Addiction is particularly stressful for parents, so know that you are not alone. There is a saying spoken on flights that cautions you to put your oxygen mask on first, before you help someone else. Emotions can be overwhelming, so take time to help yourself feel better first.
To help you handle your emotions, start with a foundation of self-care. Be sure you are eating well, exercising, getting as much sleep as possible and doing your best to keep your worry in perspective. When you are feeling physically and emotionally strong, you will have a better chance of helping your son change.
While many parents do feel sadness as well as other stressful emotions, it is best not to allow them to overtake you and spill over into conversations with your child. Some things that can help are anticipating your feelings ahead of time and labeling how you’re feeling, so you are clear-headed before speaking with your child. If you feel overwhelmed with worry and sadness, take a short break and do things to help yourself feel better. Worrying often leads to negative self-talk about things that most likely will not happen in the future, so it is not helpful.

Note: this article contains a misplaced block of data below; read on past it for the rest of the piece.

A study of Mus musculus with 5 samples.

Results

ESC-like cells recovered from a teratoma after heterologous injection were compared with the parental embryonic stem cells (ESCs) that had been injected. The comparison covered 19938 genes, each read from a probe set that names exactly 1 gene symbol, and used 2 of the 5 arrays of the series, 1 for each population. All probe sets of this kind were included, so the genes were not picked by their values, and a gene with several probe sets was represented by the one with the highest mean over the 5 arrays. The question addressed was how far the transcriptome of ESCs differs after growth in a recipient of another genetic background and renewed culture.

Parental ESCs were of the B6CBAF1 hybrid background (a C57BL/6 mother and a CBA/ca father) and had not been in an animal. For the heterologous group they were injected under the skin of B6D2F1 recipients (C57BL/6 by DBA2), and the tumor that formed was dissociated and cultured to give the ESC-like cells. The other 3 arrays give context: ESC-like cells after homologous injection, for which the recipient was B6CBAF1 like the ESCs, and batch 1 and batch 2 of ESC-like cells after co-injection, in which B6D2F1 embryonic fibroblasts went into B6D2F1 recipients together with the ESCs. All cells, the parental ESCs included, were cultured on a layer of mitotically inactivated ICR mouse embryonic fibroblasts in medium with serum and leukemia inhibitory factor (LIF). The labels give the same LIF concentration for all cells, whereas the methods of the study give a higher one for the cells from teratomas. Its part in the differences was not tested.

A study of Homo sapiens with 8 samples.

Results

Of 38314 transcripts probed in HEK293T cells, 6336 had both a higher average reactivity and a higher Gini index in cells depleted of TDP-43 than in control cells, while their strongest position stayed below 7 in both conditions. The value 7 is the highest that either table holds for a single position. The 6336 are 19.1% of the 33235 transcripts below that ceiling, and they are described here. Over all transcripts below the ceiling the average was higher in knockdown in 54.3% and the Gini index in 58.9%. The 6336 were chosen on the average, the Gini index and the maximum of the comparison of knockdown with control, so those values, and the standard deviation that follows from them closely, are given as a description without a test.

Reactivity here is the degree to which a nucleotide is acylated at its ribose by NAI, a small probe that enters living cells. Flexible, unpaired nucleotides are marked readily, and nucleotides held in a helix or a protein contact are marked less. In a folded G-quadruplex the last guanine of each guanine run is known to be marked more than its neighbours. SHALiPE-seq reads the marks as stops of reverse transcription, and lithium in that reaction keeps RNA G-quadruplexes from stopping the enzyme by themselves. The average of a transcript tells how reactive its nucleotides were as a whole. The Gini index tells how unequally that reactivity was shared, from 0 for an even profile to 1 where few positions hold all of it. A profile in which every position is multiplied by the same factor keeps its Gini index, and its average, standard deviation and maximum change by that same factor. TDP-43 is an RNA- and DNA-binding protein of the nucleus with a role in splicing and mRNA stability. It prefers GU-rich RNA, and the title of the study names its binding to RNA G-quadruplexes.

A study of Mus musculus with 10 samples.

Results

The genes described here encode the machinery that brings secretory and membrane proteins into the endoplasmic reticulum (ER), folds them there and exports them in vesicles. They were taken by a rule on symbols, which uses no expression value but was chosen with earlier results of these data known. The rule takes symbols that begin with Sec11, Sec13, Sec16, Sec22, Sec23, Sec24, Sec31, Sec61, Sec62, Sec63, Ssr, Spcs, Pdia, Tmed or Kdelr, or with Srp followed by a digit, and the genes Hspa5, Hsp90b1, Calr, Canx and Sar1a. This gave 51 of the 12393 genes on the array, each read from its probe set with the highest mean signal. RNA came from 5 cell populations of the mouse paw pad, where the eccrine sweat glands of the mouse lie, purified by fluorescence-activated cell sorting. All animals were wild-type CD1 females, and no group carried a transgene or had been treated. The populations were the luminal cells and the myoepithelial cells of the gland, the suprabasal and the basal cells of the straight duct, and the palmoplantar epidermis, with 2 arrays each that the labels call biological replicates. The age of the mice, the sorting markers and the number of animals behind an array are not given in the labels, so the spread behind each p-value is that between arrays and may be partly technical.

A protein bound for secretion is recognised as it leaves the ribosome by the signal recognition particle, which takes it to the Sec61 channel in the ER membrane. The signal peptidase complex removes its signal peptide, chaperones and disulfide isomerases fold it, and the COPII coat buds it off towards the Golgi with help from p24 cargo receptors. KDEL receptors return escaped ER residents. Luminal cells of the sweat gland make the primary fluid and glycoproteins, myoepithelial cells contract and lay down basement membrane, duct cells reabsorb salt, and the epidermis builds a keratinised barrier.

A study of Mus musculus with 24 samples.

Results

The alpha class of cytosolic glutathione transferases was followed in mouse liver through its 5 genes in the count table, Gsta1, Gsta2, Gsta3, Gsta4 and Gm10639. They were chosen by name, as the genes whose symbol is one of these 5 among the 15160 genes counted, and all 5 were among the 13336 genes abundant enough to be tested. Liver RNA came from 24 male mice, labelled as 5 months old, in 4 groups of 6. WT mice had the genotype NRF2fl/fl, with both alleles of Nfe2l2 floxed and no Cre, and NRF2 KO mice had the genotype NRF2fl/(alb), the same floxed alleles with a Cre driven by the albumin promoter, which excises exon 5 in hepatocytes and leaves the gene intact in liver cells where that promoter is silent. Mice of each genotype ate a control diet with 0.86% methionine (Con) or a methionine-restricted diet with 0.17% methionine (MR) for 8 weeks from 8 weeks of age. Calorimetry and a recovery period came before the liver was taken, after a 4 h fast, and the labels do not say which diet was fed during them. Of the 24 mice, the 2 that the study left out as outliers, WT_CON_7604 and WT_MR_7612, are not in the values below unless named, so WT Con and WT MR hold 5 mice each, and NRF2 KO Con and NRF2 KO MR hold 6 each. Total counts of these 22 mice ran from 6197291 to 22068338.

Some things that do help reduce worry are meditation, or simply sitting quietly for a few minutes each day. Writing down your feelings, even for just a few days, has also been shown to help a person feel better. Putting your energy towards educating yourself about addiction and how you can help your son will lead you to having him make positive changes in his life.
Watching a child struggle with substance use is one of life’s biggest challenges. Trust that you can help your son. Remember that you don’t have to face this alone.
Want to connect with another parent who's been there?
Pat is one of our volunteer Parent Coaches. Like all of our coaches, she knows first-hand the challenges of helping a child with addiction. In addition to their own experiences, all parent coaches receive extensive and on-going training.